Commonwealth Games athletes and fans head for Tayside
Hundreds of athletes and thousands of spectators are heading to Tayside for the 2014 Commonwealth Games.
Dundee and Angus will host the biggest Commonwealth Village outside of Glasgow, with 500 athletes and team officials gathering in the area.
Carnoustie may be best known for its championship golf course, but is to host the shooting competitions at the Barry Buddon military base.
It is hoped the event will provide a tourism boost for the local economy.
The Ministry of Defence rifle ranges at Barry Buddon were also used in the 1986 Games, which were hosted in Edinburgh.
The site's 21 ranges are capable of supporting small arms, heavy machine gun and medium mortar fire, and will remain fully operational for infantry training during the games.
Events to be hosted there include the full-bore, clay target, pistol and small-bore rifle shooting competitions.
A new pistol firing range has been built and temporary shotgun ranges set up at the 2,600-acre site, especially for the games.
Thousands of spectators are expected to attend the shooting events from 25 to 29 July.
The Carnoustie Golf hotel and the Apex Hotel at Dundee's City Quay have been closed off amid heavy security to house athletes, coaches and team officials from about 40 different countries until the end of the month.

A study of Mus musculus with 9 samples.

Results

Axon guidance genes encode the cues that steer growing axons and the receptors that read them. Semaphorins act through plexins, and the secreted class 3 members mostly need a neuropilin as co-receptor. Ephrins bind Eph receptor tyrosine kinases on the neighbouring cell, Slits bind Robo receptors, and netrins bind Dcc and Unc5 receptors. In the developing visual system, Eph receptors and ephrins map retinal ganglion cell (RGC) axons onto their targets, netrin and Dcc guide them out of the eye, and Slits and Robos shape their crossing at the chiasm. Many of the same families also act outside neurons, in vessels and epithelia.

Commonwealth Games Minister Shona Robison is also a local MSP in Dundee, and she said it was a "great boost" for the area.
"The athletes and staff will enjoy great local hospitality while competing at Barry Buddon," she said.
"This is the biggest Village outside Glasgow and thousands of spectators are expected, so it'll provide a boost to the local economy and is a huge opportunity to showcase the base of Dundee and Angus to visitors from around the Commonwealth."
Angus Provost Helen Oswald added that the area was "delighted" to be a host venue.
She said: "Spectators, athletes and games officials can look forward to a warm welcome from everyone in Angus and we look forward to sharing our rich heritage with them."